Confessions of a Middle-Aged Pink-Haired Broad with a Penchant for Quirkiness

This will sound silly given how long I've been doing this but there are times I wish I were less vibrant, less noticeable. See, I'm used to being pink haired and different, but I'm also used to being in an environment where those differences are generally celebrated.

(the girls and I exploring hats)

When I go shopping, I am fairly visible, and I get stares. I used to get stares because I am often accompanied by my three kids, and it was their differences, their autism, that garnered the looks and whispers. I can confidently say that those looks and whispers are now about me, not them.

And I'm conflicted. I do my hair different colors and spiky because it is just that: attention-getting. My kids had a hard time with change. There's nothing like changing hair styles and colors dramatically with dye and/or wigs to break them of that resistance to change.

My girls adore my hair. They love it pink and no other style but spiky will do for them (okay I may have to keep changing it if they are stuck on this one hair color and style). To them, I am spectacular and unique and there is something so incredible about that kind of unconditional love and support that makes my conflicted feelings feel wrong.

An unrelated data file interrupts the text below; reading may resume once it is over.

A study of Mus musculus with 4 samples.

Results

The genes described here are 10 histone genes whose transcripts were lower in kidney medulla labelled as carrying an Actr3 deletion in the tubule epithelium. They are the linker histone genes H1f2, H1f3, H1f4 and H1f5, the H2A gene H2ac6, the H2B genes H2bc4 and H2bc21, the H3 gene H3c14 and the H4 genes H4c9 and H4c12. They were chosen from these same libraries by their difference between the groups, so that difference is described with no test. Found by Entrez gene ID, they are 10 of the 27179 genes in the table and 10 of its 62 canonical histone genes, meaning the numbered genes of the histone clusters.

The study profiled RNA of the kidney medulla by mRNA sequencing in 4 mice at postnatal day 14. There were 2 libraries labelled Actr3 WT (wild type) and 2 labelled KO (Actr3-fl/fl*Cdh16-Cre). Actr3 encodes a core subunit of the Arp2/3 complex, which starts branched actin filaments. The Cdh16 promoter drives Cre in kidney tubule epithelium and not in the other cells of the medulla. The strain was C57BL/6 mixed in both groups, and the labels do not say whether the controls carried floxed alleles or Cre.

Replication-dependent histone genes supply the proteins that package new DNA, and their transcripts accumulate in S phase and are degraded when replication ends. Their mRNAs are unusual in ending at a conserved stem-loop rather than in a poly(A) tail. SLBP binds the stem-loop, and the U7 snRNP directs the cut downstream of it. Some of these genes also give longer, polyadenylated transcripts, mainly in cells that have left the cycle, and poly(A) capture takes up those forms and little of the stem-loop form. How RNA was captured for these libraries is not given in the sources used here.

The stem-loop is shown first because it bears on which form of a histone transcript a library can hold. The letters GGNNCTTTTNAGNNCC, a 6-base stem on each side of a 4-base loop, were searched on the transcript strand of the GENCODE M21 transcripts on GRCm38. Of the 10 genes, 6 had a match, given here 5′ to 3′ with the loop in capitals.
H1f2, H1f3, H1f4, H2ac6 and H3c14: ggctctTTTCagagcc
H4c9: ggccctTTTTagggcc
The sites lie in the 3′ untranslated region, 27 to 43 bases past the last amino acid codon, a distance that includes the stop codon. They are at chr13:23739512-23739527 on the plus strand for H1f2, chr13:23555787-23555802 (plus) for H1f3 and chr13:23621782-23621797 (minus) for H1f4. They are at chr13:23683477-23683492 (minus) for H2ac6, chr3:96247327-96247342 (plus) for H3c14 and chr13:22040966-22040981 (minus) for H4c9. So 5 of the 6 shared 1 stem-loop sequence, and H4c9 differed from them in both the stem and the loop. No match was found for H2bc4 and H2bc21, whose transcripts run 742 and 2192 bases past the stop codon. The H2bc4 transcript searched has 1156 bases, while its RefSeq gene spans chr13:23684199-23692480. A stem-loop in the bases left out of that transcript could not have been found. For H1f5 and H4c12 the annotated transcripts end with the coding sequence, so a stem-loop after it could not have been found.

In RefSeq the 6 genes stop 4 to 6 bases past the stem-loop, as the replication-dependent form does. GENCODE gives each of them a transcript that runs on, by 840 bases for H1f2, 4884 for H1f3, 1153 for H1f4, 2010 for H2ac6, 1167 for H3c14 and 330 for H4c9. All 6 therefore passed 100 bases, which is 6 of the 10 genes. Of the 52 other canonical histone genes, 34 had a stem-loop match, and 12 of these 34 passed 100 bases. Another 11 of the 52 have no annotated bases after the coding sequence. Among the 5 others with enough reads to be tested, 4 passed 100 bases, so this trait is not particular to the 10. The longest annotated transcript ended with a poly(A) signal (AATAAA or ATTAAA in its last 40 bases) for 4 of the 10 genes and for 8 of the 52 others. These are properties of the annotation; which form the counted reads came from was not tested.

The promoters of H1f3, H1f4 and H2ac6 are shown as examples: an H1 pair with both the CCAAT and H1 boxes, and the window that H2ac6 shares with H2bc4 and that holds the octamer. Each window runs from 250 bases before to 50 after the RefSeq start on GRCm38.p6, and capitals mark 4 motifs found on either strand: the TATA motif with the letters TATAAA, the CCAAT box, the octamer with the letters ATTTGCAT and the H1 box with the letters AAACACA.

To be fair, I have never had a person come up to me and make fun of me. All I've ever received is compliments. But I've seen those looks, looks that a decade ago I would not have noticed, having trained myself to ignore strangers when Bobby and I were out and a meltdown happened. I learned not to notice, not to see, not to engage. But as a teacher who often sees her former and current students out and about, I've learned to look around again, and that means I sometimes run across those snickers by strangers...

It takes me a moment, but then I'll catch a glimpse of myself in a mirror in the store I'm in and even I take a second look. It always takes a moment. It's me. I'm always surprised by how neon my hair is. I have a strong hunch I really have no idea just how bright my plumage is. And, on balance, I think that's a good thing most of the time. After all, how many people get surprised by their reflections when they are out and about?

Making funny faces at the camera.
And I wonder why I get double-takes?
Embracing our silliness.


Joeymom said...

It is gorgeous. As you are.

Anonymous said...

I wish I had HALF the chutzpah you have, my dear. And, looking at the adoration in your husband's eyes? If you like it, the kids like it and he does, too? The rest of the world can go take a flying leap.

K Wombles said...

Thank you, both, for making me feel embraced and accepted. :) The best thing I've gotten out of blogging is a warm circle of friends.